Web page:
A POPULAR puppy club is facing an uncertain future after its members came under attack from a gang of yobs.
Miss Mary Sharples, 68, who runs the club, was unpacking her car in Marshall Avenue, Huncoat, when three youths started hurling abuse at her.
After she entered the Methodist Church, one of the youths tried to follow her in but after a bit of a struggle she managed to close the door behind her.
But in the process Miss Sharples trapped her finger, ripping all the skin off and leaving her in agony.
She said: "It was a horrendous night. I have no idea why they started on me. It just flared up."
She had spotted the youths playing on a building site across from the church. "I never said a word to them," she added. "They were very abusive and started on me as I was getting out the tea, coffee, sugar and cash boxes from my car."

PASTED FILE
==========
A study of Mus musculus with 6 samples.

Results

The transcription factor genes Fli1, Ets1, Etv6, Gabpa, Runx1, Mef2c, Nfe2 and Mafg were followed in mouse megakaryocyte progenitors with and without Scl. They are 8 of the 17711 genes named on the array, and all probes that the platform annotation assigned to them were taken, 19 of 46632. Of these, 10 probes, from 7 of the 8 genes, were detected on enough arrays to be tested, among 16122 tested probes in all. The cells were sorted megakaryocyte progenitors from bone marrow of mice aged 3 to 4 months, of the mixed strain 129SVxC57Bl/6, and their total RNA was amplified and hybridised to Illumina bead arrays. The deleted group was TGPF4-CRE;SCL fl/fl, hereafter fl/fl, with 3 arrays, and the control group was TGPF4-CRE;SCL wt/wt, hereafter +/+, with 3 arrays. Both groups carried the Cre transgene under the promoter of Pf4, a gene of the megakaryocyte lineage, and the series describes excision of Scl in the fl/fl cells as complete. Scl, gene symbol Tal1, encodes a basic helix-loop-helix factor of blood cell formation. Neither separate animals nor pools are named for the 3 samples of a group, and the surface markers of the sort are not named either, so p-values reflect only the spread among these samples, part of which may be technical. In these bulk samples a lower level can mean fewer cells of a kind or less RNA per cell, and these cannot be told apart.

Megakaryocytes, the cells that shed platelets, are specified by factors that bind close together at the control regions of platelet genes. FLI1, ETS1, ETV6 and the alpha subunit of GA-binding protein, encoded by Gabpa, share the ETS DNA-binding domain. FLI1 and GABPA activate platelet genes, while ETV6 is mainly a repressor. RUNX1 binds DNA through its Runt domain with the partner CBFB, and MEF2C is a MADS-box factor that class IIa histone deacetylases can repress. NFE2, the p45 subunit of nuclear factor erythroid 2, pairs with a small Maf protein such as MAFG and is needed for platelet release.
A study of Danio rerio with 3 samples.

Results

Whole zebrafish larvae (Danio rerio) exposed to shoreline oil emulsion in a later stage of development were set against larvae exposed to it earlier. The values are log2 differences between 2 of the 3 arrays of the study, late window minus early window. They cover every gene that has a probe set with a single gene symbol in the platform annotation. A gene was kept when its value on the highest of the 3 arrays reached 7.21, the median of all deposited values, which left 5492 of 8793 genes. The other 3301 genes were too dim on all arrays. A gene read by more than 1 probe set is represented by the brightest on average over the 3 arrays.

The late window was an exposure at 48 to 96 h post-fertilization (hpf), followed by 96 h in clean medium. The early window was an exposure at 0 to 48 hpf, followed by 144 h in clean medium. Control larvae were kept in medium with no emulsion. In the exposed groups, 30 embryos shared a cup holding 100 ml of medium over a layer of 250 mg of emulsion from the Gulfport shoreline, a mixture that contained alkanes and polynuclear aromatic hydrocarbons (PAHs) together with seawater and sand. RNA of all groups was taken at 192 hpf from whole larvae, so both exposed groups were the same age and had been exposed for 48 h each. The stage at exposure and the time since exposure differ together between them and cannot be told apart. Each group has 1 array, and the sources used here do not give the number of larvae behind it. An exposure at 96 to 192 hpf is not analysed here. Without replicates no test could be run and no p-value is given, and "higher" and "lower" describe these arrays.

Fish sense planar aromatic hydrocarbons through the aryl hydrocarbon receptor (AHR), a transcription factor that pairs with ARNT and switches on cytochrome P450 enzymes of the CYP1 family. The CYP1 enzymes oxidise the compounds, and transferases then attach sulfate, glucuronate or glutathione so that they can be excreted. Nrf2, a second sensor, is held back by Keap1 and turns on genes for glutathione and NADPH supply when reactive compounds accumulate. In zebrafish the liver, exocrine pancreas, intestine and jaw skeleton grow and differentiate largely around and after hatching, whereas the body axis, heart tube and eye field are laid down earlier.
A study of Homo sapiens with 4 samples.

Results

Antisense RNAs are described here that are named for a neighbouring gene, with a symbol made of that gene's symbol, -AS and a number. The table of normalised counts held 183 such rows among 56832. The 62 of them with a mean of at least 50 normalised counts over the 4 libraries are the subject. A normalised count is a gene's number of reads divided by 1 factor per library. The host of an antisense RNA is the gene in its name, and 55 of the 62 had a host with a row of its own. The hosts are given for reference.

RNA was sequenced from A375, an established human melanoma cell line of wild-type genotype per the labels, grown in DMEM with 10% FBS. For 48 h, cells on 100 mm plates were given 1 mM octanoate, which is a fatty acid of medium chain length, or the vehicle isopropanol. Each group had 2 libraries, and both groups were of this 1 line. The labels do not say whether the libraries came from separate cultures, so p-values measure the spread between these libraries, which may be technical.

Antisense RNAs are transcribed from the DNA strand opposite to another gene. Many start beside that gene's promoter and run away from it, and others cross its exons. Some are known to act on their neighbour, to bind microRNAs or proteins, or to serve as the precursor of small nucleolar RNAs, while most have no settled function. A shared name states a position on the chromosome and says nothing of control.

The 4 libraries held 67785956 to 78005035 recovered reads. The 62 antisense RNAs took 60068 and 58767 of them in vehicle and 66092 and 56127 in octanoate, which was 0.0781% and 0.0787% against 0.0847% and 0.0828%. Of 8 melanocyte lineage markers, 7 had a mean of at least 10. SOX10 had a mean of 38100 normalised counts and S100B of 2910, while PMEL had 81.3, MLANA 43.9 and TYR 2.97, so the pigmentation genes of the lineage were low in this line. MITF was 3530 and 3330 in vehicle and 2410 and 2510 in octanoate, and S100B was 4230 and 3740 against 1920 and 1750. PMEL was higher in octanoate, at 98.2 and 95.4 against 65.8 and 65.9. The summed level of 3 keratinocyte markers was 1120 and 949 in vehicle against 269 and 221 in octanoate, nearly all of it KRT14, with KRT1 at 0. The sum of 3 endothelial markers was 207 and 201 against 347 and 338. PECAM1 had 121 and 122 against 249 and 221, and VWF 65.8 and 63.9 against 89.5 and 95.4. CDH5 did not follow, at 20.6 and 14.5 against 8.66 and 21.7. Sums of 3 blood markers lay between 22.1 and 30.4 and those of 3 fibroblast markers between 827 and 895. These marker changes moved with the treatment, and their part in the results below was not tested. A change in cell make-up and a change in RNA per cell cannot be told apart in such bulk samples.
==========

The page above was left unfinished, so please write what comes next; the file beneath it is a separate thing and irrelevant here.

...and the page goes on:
"It was really scary and very traumatic."
Miss Sharples, who has been a professional dog trainer for 46 years, has been running the dog club for four years.
It has around 20 members who flock to the church every week with their pets and train them to be more sociable and obedient.
But Miss Sharples fears the situation could get worse and she does not want to put any members or pets at risk.
She said: "If this sort of thing starts happening on a regular basis, I will have no other choice but to stop the club. I can't have my dogs and handlers being intimidated by these youths."
"It is the puppies I am most concerned about."
"They are young and vulnerable, just like children."
"When they get agitated we can't calm them down. If kids start throwing stones the dogs don't know what's going on."
Miss Sharples said the police were contacted about the incident but failed to turn up.
She added: "I had to cut the meeting short and send the members home. They will pay half next time because I stopped it. I phoned the police twice but no-one came. I know they have been busy with this terrorist stuff in Blackburn but they should have someone on stand-by.''
Delys Ashton, who helps run the Huncoat Neighbourhood Project, said it would be a disaster if the group pulled out of the church altogether.
She said: "The church relies heavily on the rents groups like this pay to keep community resources open."
"We could not keep it open otherwise."